Infrared optical fibres able to retain their properties and performance in the presence of high levels of ionizing radiation might be usefully deployed in applications such as determining the composition of nuclear waste, according to the team behind their recent development.
Researches at the Ural Federal University (UrFU) – in Yekaterinburg, Russia – say the fibres are nontoxic and, as studies have shown, retain their outstanding properties when treated with ionizing beta radiation at doses of up to 1 MGy. An article describing the research is being published in the journal Optical Materials.
“This opens up the prospect of application of light guides made of the obtained fibres in conditions of intense ionizing radiation. That is, not only in the traditional field of optoelectronics, but also in laser surgery, endoscopic and diagnostic medicine, in determining the composition of hazardous waste from the nuclear industry, and in space,” says Liya Zhukova, Chief Scientist of the Laboratory, Professor of the Department of Physical Chemistry and Chemistry of Colloids at UrFU.
Because the fibres are capable of receiving and transmitting radiation from space objects, they can be embedded in infrared space telescopes, replacing massive mirrors and lenses. The lifespan of the fibres will be longer than the life cycle of the telescopes themselves, the developers claim.
Fibres are also highly productive in the (non-hazardous for humans) terahertz radiation region (between the region of mid- and far-infrared radiation, on the one hand, and microwave radiation, on the other). This means that the resultant fibre optic cables could be used to develop equipment that could become a safe substitute for magnetic resonance imaging and x-rays – in medicine or in the process of pre-boarding scanning of passengers and their luggage. It would not require the use of cumbersome and expensive metal detectors, and passengers would not even feel that they are being screened.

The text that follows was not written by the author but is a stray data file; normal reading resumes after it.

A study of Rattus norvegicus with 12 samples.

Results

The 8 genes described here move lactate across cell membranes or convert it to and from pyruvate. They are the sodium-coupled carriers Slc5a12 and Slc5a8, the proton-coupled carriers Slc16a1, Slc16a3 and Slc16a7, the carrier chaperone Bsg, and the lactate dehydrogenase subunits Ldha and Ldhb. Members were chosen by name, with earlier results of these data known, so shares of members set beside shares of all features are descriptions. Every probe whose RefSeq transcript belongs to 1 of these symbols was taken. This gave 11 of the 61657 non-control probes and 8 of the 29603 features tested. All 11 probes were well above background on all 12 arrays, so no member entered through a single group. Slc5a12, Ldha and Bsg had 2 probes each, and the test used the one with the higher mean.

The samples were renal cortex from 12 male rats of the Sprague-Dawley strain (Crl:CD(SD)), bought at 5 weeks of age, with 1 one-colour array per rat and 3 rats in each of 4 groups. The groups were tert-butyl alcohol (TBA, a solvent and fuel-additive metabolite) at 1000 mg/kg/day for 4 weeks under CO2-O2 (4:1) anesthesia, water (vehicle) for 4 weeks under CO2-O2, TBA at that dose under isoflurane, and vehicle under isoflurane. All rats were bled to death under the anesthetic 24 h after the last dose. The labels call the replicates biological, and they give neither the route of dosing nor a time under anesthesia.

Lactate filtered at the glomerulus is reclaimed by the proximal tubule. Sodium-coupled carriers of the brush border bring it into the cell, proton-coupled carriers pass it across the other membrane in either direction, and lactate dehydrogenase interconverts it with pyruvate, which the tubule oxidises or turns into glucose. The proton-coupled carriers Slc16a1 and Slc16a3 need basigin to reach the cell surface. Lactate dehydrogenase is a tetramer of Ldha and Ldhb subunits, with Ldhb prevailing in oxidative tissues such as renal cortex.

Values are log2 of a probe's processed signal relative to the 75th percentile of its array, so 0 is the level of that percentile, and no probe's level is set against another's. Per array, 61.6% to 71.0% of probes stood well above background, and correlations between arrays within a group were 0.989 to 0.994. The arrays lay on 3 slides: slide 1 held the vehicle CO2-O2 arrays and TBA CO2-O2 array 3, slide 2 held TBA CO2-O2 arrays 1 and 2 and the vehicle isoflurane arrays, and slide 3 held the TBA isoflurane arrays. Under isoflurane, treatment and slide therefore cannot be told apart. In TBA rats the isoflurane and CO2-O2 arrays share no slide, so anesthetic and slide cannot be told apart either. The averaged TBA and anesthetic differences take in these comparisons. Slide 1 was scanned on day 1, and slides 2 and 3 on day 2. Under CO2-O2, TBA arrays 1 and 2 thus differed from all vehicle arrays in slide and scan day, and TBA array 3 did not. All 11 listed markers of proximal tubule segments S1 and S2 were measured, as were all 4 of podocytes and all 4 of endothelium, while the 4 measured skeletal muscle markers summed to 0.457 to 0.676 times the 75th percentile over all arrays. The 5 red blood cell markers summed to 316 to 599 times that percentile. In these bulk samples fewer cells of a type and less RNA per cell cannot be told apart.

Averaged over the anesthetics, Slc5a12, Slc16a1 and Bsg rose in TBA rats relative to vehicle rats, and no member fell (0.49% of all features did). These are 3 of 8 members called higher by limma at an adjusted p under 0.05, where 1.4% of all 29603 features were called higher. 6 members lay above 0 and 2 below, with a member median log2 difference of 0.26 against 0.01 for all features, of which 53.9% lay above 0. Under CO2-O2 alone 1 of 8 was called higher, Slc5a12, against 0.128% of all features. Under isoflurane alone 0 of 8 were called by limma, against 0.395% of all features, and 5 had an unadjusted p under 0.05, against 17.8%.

The fibres are based on crystals of AgBr-AgI. They can be produced using an environmentally friendly, waste-free and energy-saving method, according to developer Liya Zhukova. Chemists from UrFU synthesized a sample of almost one hundred percent purity and for the first time in the world grew silver bromide and silver iodide monocrystals from it.
“The grown crystals have extremely high transparency, plasticity, as well as photostability and non-hygroscopicity – the ability to retain their properties under the influence of light without interacting with moisture,” said Anastasia Yuzhakova, a Junior Researcher at the Ural Federal University’s Science Lab of Fiber Technology and Photonics.
Using computer modeling, the group determined the optimal conditions for manufacturing homogeneous infrared optical fibers with unique characteristics from monocrystals. The computer simulation was confirmed by experimental data. Scientists successfully obtained fibers using the author’s technology and equipment, cylindrical blanks with improved optical and mechanical properties.
“Based on monocrystals of AgBr-AgI… we created optical fibres with the widest infrared transmission range to date – from 3 to 25 microns. The transparency of the fibres reaches 70-75%, which corresponds to theoretically possible values for crystals of AgBr-AgI… At the same time, the optical losses of the fibres reach extremely low values,” said Anastasia Yuzhakova.